Hi Folks:

In my opinion, digital photo printing is equal parts art and science. It covers much greater depth than can be contained within one blog post, so if that’s what you’re looking for, there are plenty of other resources on the ‘net. If you want an introduction to photography and colour management, you might want to start here: Photography and Colour Management.

Okay, this is going to be a quick (for me) blog post. Assuming that you have some understanding of colour models, you know that while Lab is completely device independent, CMYK is completely device dependent (RGB is somewhere in the middle). As Vincent Versace has been known to say, printers are default devices: they only work with the information you send them. As such, the colour on a print relies on the printer and the inkset it contains, the paper chosen and the .icc profile for that paper. The printer profile is a set of instructions that translate the RGB colour space from your monitor into a CMYK colour space that your printer will recognize. Every printer/ paper combination has its own .icc profile, whether custom made for an individual machine or provided by the paper manufacturer for their stock. Now, while the only way to know 100% what your print will look like is to print it (known as hardproofing), one can get most of the way there by softproofing. This simulates (as much as possible) what the print will look like on your computer screen. Once you have an idea what the print will look like, you can modify the settings to make the print emulate what you want. Keep in mind that monitors are emissive devices (they project light) while paper reflects light.

This is an image of one of our favorite dragons, captured by Marcia:

 

Dragon 1

After pushing it around in Lightroom we get to this point:

Dragon 2

We enable softproofing by checking the box in the bottom tool tab (if you can’t see the bottom tab, press T). In the right panel you’ll see that the profile for Hahnemühle Photo Luster is selected, as is the Relative Colorimetric rendering intent and the ‘Simulate Paper and Ink’ box is checked. The latter is also known as the ‘make my print look ugly’ button. One can readily see that the white balance has changed, there is less saturation and the exposure as shifted. We want to modify this image to bring it back as close as possible to the one above, but we don’t want to change the adjustments we’ve already made. To that end, click on ‘Create Proof Copy’ in the right panel to create a virtual copy of this image with softproofing enabled.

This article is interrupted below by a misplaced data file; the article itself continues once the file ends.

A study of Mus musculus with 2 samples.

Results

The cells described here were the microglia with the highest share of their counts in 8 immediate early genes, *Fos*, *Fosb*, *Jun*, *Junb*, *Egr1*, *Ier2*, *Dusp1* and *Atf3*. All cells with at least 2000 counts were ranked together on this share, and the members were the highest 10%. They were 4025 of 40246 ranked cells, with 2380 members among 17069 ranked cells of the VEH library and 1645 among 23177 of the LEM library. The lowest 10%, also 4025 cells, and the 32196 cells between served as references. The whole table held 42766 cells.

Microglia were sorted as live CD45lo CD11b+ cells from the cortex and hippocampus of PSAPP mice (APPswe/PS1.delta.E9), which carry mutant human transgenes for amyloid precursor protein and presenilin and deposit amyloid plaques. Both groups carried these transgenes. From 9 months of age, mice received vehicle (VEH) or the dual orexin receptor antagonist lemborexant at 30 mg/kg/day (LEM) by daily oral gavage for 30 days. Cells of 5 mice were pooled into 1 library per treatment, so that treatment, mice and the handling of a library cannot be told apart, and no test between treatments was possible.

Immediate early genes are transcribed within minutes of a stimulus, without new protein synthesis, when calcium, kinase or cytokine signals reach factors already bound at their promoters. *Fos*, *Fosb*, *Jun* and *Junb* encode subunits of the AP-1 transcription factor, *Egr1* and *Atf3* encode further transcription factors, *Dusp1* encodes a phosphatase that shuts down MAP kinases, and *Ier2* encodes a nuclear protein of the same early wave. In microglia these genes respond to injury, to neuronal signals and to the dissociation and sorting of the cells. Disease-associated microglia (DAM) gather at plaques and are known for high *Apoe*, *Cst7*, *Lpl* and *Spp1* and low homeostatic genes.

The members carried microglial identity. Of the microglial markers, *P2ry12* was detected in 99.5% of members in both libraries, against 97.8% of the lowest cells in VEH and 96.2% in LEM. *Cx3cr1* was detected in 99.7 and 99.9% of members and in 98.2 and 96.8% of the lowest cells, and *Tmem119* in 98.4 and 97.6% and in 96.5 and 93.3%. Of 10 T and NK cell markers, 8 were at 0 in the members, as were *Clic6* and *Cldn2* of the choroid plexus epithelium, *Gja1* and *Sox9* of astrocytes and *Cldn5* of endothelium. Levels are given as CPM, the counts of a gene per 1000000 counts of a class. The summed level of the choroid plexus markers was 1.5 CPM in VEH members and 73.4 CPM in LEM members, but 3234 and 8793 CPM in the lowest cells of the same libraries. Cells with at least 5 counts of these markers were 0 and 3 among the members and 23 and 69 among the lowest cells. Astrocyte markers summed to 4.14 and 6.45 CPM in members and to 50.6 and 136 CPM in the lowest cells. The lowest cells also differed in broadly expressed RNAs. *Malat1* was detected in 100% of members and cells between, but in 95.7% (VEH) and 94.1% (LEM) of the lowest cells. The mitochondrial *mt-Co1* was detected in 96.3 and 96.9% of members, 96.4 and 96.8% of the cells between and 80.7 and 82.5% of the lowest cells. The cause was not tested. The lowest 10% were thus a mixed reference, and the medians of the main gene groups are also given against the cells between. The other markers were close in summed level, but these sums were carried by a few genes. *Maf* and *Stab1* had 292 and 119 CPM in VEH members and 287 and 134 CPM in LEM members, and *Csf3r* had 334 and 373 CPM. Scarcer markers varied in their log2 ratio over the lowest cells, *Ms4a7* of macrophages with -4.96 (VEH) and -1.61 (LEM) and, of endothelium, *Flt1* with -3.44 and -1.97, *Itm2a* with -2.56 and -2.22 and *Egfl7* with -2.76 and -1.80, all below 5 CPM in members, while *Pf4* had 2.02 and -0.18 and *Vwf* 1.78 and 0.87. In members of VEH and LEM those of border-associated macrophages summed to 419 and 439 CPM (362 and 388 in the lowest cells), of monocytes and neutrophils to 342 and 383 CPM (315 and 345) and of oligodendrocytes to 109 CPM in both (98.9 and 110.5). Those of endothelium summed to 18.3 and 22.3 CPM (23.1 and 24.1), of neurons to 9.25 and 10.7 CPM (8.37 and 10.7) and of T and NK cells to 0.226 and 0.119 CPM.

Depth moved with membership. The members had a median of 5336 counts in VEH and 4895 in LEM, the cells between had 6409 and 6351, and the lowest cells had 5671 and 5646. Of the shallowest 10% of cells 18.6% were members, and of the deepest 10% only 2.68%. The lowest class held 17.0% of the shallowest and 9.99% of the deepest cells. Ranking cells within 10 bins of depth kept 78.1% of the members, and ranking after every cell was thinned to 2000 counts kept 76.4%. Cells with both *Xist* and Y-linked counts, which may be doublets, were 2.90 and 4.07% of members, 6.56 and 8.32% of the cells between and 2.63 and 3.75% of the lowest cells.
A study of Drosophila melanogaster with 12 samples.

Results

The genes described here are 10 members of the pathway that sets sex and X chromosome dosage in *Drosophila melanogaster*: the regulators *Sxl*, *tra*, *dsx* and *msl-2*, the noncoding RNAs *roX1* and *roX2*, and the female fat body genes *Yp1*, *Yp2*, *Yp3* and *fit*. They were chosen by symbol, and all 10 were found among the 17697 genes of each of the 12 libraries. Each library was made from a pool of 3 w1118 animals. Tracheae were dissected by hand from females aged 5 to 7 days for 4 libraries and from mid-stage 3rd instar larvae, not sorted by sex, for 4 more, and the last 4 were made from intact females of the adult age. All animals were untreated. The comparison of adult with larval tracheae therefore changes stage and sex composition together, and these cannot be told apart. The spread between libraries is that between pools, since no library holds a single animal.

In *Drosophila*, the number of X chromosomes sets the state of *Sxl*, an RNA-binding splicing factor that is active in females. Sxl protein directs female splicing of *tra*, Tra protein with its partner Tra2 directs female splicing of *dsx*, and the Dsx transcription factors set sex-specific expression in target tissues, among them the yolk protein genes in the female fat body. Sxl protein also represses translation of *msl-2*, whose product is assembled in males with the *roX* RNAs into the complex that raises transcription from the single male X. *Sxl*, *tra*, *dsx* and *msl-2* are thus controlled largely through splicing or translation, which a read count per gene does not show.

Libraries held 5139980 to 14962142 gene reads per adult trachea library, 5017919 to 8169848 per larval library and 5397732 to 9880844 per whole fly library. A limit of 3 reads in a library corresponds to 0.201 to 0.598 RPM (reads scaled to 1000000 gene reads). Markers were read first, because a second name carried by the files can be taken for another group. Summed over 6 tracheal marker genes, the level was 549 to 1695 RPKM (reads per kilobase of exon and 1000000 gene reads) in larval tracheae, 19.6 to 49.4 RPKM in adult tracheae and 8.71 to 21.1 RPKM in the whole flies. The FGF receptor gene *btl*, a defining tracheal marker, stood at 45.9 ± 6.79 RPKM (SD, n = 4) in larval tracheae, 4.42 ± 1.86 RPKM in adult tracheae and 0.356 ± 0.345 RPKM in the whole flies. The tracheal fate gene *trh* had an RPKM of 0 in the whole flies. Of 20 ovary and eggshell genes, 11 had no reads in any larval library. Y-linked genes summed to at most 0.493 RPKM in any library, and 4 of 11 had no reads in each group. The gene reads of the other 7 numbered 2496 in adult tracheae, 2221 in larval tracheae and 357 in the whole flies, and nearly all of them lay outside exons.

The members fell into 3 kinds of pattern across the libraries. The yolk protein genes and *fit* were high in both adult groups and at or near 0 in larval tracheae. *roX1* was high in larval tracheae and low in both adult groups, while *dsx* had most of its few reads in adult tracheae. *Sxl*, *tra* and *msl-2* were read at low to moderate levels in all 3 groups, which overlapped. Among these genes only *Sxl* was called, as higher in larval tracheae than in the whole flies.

Dragon 3

In order to compare this copy with our original image, we’re going to use the Before/After view option in the lower left of the bottom tab. The icon on the left shows one whole image, and the one beside it allows top/bottom, side-side or split-image views. This view option can be handy when processing an image as it allows us to compare where we are with where we were. In this case we’re going to compare the master image to this softproof virtual copy.

Dragon 4

Using the top/ bottom view allows us to visually compare the two images. For this use, ensure that the ‘Before:’ image is set to Master Photo.

Dragon 5

As you can see from the image below, by adding some yellow to the colour temperature, increasing the saturation very slightly and lowering the exposure a little we’ve brought the softproof image very closely in line with the master image. Our softproofed image is now ready to head to the print module.

Okay, that’s it. Now go out and make some photographs!!

Hugs,

M&M

P.S. Another example where you might want to use Before/After view is if you have an image processed using an earlier version of Lightroom. If you open an image processed using Lr 2.x (for example) in Lr 6.x the image will have been processed using Process Version 2003. It can be left as it is without changes, but if you want to update it using the tools available in later versions of Lr (Process Version 2010 or 2012), you’ll have to convert it. Doing so will change the look of the image. By using Before/After view you can use the sliders to bring back the image you had before. Or, if you prefer, you can simply make a new virtual copy, convert that to the new process version and create something entirely new!

P.S. II, the sequel: You can find more of our posts on photography and Lightroom tutorials here, and you can find links to over 200 other sites that have Lightroom tips, tutorials and videos here.